One of the last great American newspaper wars ended yesterday when Hearst Corp. announced that it is buying the San Francisco Chronicle and putting its own, weaker paper, the San Francisco Examiner, up for sale.

If no one buys the afternoon Examiner, whose circulation has dropped by more than half to 111,018, Hearst plans to combine it with the morning Chronicle, whose daily sales of 475,244 make it Northern California's largest newspaper. That would wipe out San Francisco as one of the last major two-newspaper towns, leaving a New York-based chain in charge of the sole remaining paper.

"I have very mixed feelings about this," said Chronicle Editor William German. "I have rooted for and fought for an organization absolutely independent of chain ownership. . . . It's not exactly a victory when you're being bought by the people you've competed against for half a century," he said.

"It's terrible to lose any newspaper voice," said Larry Kramer, a former Examiner editor who now runs CBS Marketwatch.com. "But in recent years, everyone [at the Examiner] had a sense of impending doom. . . . What you worry about is that the surviving paper loses its edge entirely."

Examiner editor Phil Bronstein and his staff declined to comment.

The Bay Area shootout has a colorful history, most recently including the Chronicle sniping over Bronstein's marriage to actress Sharon Stone. William Randolph Hearst took control of the Examiner in 1887, and the family kept it long after most of their other newspapers shut down. The Chronicle was founded in 1865 by Michael DeYoung, whose heirs have controlled it for the past 134 years.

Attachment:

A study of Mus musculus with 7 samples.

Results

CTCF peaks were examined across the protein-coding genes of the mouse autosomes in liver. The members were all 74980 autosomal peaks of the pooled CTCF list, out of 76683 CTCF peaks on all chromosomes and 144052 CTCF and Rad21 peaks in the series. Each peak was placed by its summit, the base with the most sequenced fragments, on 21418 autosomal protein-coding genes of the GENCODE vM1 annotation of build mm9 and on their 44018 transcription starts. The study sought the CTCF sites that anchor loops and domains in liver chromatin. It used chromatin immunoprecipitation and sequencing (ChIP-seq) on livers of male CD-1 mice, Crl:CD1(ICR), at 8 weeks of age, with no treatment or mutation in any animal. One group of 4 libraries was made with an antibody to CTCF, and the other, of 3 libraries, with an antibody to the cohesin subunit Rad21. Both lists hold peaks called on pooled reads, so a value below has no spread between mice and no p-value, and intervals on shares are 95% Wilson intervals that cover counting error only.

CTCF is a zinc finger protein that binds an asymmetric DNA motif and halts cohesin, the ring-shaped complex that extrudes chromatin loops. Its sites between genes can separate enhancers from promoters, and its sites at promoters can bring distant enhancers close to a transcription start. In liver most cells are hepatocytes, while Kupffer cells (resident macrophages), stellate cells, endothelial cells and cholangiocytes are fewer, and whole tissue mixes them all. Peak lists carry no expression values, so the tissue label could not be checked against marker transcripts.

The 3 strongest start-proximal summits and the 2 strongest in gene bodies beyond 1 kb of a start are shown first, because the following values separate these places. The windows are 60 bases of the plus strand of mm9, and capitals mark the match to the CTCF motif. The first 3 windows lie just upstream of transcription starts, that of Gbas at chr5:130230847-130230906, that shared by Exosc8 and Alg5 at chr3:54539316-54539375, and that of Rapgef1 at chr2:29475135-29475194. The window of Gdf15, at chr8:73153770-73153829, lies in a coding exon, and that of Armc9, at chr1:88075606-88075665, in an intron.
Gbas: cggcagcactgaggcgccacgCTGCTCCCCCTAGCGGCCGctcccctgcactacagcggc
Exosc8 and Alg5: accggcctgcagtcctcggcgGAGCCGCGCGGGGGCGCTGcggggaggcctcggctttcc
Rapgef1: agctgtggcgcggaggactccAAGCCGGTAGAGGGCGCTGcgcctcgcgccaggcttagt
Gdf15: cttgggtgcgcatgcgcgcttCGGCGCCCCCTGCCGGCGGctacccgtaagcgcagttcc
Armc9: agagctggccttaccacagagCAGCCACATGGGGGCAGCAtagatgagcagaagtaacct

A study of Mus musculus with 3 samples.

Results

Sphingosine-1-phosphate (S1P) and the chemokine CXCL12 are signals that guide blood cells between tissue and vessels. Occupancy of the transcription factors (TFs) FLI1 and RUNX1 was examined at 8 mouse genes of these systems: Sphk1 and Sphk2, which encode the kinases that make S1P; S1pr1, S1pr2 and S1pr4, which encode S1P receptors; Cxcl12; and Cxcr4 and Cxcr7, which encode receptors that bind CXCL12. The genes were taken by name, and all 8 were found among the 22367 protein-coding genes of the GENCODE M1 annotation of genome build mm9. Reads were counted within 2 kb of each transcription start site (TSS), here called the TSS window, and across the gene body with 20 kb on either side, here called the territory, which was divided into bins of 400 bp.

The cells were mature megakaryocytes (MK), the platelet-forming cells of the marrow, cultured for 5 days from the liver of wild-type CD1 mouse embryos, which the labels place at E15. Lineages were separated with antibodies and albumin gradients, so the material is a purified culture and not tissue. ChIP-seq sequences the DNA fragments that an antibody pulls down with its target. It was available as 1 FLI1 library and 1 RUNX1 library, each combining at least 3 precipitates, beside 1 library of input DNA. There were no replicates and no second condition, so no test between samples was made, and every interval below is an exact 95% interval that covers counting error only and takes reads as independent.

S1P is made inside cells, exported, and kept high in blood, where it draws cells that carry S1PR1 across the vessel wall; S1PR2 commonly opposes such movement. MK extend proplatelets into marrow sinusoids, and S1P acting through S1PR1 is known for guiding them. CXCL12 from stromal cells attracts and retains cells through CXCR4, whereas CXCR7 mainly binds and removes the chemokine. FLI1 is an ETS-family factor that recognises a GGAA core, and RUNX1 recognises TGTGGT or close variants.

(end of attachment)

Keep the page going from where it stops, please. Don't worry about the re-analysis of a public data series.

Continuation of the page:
Hearst has promised to offer jobs to all Examiner employees if the papers are combined. One likely reason for offering the Examiner for sale is to win approval from the Justice Department's antitrust division, which must be convinced the Examiner would otherwise fail.

The Chronicle and Examiner compete editorially but have been partners since 1965 in a joint operating agreement, a federally approved arrangement that allows them to combine business and printing activities and publish a joint Sunday paper. That agreement expires in 2005. Hearst is also buying the two papers' combined Web site.

New York, Boston, Washington, Chicago and Denver are among the last major cities with two competing newspapers not bound by a joint agreement. Over the past two decades, second papers have shut down in such major markets as Los Angeles, Philadelphia, Miami, Dallas and Houston.

Both the Chronicle and Examiner have gone head-to-head in San Francisco, with the Chronicle more dominant in the suburbs. But the morning paper has lost nearly 100,000 in daily sales since 1990.

The Chronicle's German could not resist noting that Hearst "is buying the Chronicle because the Chronicle is the successful newspaper." He said the deal could give the Chronicle the resources to open more bureaus and make other improvements once it is no longer splitting its profits 50-50 with the Examiner. It remains unclear who would edit the combined paper.

But many will miss the newspaper war. "It was fun journalism, and the competition is half of what made it fun," Kramer said.